The new Mac App Store is a very exciting development for Software Developers, especially those of us selling directly to our customers. It offers a Steam-like interface, yet the developer still has the freedom to control their price point and offer updates. Also the Mac App Store is not limited to video-games, and offers a great new opportunity for all sorts of productivity and creative software. It introduces new users to a convenient means of purchasing, downloading and updating their software.
However, this isn’t without its difficulties.
Digital distribution is the most important development for the software industry in recent years, and has allowed new types of product to exist, which otherwise wouldn’t be viable to produce. However, digital distribution is also the means by which piracy is most prevalent.
In turn, this has lead to DRM heavy games (Digital Rights Management / Copy Protection), many of which have a heavy dependency on the service provided by the distributor. Steam is one such example of heavy DRM, which periodically stops you from playing any of your purchased content due to one server problem or another, and Steam is still the least egregious example.
The enemy of piracy is convenience.
Lots of people buy music from iTunes because it is more convenient than pirating it!
Lots of people buy games from Steam because it is more convenient than pirating it!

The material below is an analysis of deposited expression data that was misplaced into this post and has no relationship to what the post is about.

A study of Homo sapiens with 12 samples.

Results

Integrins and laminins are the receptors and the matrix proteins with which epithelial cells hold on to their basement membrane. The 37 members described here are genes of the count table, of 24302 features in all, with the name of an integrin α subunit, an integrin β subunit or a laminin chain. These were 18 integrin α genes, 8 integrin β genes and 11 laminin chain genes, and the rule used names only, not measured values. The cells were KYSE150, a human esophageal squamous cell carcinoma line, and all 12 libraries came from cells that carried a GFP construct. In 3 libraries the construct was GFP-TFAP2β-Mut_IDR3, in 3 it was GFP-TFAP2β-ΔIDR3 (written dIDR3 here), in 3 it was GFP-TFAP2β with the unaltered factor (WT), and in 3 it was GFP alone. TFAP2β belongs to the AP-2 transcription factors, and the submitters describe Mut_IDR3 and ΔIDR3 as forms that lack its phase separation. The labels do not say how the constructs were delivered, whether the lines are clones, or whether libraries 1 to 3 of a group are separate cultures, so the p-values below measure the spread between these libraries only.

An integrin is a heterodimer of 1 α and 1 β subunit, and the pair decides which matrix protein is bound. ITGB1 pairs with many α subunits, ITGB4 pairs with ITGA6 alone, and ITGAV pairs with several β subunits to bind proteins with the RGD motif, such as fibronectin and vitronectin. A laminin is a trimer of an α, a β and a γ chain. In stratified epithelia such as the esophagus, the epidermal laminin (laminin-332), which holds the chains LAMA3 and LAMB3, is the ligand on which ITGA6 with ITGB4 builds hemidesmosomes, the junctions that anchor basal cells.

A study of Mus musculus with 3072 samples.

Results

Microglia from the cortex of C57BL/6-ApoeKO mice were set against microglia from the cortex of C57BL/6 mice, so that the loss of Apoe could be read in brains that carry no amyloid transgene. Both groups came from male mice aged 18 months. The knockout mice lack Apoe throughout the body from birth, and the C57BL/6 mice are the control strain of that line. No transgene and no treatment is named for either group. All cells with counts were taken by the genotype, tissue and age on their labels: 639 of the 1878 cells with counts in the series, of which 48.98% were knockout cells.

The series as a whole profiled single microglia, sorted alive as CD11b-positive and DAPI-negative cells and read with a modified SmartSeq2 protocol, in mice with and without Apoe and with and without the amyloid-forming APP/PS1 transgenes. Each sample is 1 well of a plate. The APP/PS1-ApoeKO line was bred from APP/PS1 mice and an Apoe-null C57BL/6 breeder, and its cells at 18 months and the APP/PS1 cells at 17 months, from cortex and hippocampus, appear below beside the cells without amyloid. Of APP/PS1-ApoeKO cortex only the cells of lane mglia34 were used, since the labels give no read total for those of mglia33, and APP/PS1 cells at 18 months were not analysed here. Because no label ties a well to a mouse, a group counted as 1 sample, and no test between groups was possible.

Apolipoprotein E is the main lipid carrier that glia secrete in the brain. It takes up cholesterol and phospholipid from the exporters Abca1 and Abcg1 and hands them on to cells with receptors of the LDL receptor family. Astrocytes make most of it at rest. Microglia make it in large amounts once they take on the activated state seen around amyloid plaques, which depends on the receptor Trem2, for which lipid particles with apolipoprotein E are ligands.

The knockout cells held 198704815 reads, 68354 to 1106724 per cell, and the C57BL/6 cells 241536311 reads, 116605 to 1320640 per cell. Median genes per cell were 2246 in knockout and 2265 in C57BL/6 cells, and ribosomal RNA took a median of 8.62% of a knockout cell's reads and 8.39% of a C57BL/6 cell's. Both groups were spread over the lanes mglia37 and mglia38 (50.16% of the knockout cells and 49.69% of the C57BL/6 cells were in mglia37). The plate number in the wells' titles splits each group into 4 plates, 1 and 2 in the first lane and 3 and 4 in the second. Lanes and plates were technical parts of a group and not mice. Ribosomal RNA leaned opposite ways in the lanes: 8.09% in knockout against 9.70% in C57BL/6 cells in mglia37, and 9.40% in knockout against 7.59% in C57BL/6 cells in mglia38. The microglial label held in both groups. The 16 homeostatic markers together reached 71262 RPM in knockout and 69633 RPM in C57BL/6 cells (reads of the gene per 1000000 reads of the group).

Lots of people keep their iPhone free from ‘jail-breaking’, and pay for the apps they use, because it’s more convenient than pirating it.
Our best purchasing experiences are through shops we trust enough to keep our credit card details on file. Almost everyone buys products from Amazon, so even if the same item is a pound or two more elsewhere it will take extra time, effort and a certain degree of risk and worry to use the new service. When selling digital downloads directly to a user this is a similar situation, and whilst Paypal has certainly gone some way towards pacifying this experience, you still aren’t guaranteed whether the app will install properly, or whether you have to go through any further annoying steps.
The largest concern remaining is on behalf of the customer, and their freedom to access their purchases in the future.
Recently ‘Outrun Arcade’ was announced to be taken down from the PSN and XBLA stores, because the license with Ferrari had expired. As a customer of this product, it makes me wonder about my options to transfer this item to a new piece of hardware in the future. I can’t download it again, so hopefully I can copy it to an external device and validate it again. Similarly with any content I bought on the Wii, I expect will be difficult (or at least complicated) to transfer to another device.
Software is only available on the App Store so long as developers/publishers maintain their developer membership with Apple. If I were to let my $99/yr membership lapse, people would not be able to download my games anymore. Many people take it for granted that they can access the iPhone apps they bought, and even delete them from their device with the intention of re-downloading, but if that application is no longer available and they have no back-up, then they lose all rights to their purchased software.
Despite the difficulties, the Mac App Store represents a fantastic new step for software developers and consumers, and it should set the stage for Microsoft introducing their attempt at the same thing in Windows 8. It’s a scary and exciting time for everyone.